As discussed in previous chapters, efficient use of the workforce will require more delegation of job duties in the coming years. This delegation has a cascading effect, with specific tasks being handed off to people in various professions and occupations, depending on the situation, which allows each worker to be used at his or her highest level of skill. The combination of the need to delegate additional duties and the desire of some direct-care workers to assume more responsibilities creates opportunities to restructure workforce assignments in ways that are potentially more satisfying for direct-care workers.
In some new models, direct-care worker roles may become much broader. For example, the Green House model described in Chapter 3 gives a more expansive role to direct-care workers. Under that model, frontline caregivers take responsibility for a broader range of tasks that include personal care, cooking, housekeeping, and making sure that residents spend time according to their preferences.
In other cases, direct-care workers take on specific tasks that require a higher level of skill than is usually expected of them. One example of this is the delegation of medication administration duties from RNs, as discussed in Chapter 4. Although there have been some concerns raised regarding patient safety, some RNs who have assessed the delegation of these responsibilities to CNAs have argued that CNAs may be able to deliver medications with greater accuracy because they face fewer distractions than RNs (Reinhard et al., 2003). If so, giving this responsibility to CNAs has the potential to increase efficiency, benefit patients, and facilitate the recruitment and retention of direct-care workers. Similarly, having home health aides assume responsibility for medication administration from RNs could help decrease the need for RN visits to homes.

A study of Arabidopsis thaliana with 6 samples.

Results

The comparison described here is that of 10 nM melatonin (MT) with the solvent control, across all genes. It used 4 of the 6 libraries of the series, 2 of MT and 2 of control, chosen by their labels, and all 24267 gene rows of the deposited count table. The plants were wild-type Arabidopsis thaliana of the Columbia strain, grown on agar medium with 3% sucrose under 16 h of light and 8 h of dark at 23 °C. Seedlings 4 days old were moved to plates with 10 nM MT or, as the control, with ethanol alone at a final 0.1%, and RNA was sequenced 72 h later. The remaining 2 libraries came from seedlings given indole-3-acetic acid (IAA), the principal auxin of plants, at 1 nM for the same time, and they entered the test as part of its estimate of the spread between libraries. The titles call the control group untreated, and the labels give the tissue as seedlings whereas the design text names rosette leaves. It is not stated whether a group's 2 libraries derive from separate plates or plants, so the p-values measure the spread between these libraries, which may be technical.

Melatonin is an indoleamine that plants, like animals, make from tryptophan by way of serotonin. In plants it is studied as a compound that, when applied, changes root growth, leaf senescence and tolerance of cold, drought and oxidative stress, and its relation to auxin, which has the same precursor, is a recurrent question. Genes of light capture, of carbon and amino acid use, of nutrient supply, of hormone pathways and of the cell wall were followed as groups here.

If direct-care workers are to assume these increased responsibilities, they may in turn need to delegate certain of their own tasks. One example of this is the use of feeding assistants in the long-term care setting. Nurse aide training includes instruction in how to assist older adults with eating and hydration, and this is one of the primary responsibilities of CNAs. In 2003, however, CMS issued regulations allowing states to permit long-term care facilities participating in Medicare or Medicaid to use paid feeding assistants to supplement CNA services under certain conditions. Requirements for feeding assistants include the successful completion of a minimum of 8 hours of training in a state-approved course. The use of the feeding assistant has been controversial, but a preliminary analysis found that the quality of feeding done by feeding assistants was comparable to the quality of feeding by CNAs and, furthermore, that facilities did not decrease CNA hours in response (Kasprak, 2007; Simmons et al., 2007).